The return of otters to our river banks could have a big impact on angling in the county and beyond, and it’s not all good news!

The Environment Agency have recently announced that otters have been found in every county except Kent, and the Thames and its tributaries show the biggest increase.

They say if this continues, we can expect a full recovery in less than 20 years.

While I am all in favour of supporting the survival of these creatures, I hope that the situation can be controlled and we don’t let other creatures suffer.

For many years, otters have been persecuted by hunting and poisoned by pesticides, and their recovery has been put down to dramatic improvements in water quality.

DEFRA minister Richard Beny-on said: “Thanks to the dramatic improvements, we have seen the return of the otter to every region in England, bringing it back from the brink of extinction.”

Benyon also says that more work will be done to improve water quality further and to help wildlife.

This is OK in principle, but besides signal crayfish, cormorants, abstraction and pollution, we now have otters for our fish to contend with.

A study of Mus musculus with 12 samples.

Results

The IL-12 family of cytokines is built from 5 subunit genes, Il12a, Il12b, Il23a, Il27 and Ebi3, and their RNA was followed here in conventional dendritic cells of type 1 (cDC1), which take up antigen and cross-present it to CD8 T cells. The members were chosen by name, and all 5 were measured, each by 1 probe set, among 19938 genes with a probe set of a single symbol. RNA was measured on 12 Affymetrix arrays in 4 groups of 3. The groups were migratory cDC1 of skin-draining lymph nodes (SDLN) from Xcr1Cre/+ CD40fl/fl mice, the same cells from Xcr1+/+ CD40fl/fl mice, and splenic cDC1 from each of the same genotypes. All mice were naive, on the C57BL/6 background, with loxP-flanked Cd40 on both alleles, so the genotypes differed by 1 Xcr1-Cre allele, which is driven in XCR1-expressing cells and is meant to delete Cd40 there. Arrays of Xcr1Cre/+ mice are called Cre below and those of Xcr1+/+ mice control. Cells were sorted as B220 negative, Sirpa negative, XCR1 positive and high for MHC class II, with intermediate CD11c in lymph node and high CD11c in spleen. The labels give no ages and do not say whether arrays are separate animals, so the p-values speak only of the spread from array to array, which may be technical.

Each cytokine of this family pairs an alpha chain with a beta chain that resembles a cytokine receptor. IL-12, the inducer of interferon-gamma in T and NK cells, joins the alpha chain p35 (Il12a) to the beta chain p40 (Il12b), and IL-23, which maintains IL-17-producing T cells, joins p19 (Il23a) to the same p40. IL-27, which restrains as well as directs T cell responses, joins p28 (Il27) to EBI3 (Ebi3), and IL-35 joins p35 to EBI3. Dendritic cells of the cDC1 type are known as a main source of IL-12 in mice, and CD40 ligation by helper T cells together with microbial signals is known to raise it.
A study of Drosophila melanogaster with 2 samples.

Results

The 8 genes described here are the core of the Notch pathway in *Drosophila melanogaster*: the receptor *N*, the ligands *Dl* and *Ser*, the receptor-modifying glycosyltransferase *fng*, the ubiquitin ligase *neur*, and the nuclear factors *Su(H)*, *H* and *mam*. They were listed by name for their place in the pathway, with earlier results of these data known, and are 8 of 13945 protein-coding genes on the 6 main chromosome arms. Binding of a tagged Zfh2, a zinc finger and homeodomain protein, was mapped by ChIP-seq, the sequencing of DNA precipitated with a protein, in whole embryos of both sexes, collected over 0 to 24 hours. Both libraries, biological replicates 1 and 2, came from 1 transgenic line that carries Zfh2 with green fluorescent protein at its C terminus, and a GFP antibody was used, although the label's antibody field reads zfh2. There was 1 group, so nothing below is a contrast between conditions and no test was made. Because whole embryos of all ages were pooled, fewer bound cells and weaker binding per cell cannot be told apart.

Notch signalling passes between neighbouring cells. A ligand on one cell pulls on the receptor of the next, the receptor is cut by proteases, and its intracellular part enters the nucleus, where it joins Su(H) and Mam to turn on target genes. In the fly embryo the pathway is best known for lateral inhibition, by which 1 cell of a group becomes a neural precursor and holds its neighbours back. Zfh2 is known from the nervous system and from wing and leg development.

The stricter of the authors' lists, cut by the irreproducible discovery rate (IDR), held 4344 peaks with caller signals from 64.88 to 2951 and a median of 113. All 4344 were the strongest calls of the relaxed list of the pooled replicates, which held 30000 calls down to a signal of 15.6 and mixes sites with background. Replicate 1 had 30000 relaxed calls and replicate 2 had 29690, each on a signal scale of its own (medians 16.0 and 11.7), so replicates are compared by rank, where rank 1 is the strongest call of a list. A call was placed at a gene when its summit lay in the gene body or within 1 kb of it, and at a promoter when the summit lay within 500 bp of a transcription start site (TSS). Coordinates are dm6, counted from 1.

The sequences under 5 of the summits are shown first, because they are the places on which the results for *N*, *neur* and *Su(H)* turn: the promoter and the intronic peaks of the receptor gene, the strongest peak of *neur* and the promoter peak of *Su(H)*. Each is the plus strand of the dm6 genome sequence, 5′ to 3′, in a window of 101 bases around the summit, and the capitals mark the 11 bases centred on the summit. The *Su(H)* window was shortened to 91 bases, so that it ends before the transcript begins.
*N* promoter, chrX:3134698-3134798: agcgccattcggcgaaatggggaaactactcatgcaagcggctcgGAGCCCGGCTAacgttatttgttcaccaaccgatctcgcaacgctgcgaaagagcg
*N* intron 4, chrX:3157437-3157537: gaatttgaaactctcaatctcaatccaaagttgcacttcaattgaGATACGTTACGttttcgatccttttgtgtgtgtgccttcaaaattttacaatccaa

These creatures eat fish, and with their staple diet, the eel, in decline, they will have to eat everything else swimming in our rivers.

This could cause a number of commercial fisheries to come under threat.

We have already read in weekly angling papers about the large numbers of carp being eaten and the killing of huge barbel on the Ouse at Adams Mill.

Otters are right at the top of the food change, and most certainly areas that they inhabit will suffer.

To what extent, we do not know, but fish numbers will drop.

By all means we can support the survival of these creatures, but not at the cost of fishing stocks.

I just hope that the situation is managed well so the effect is not too serious.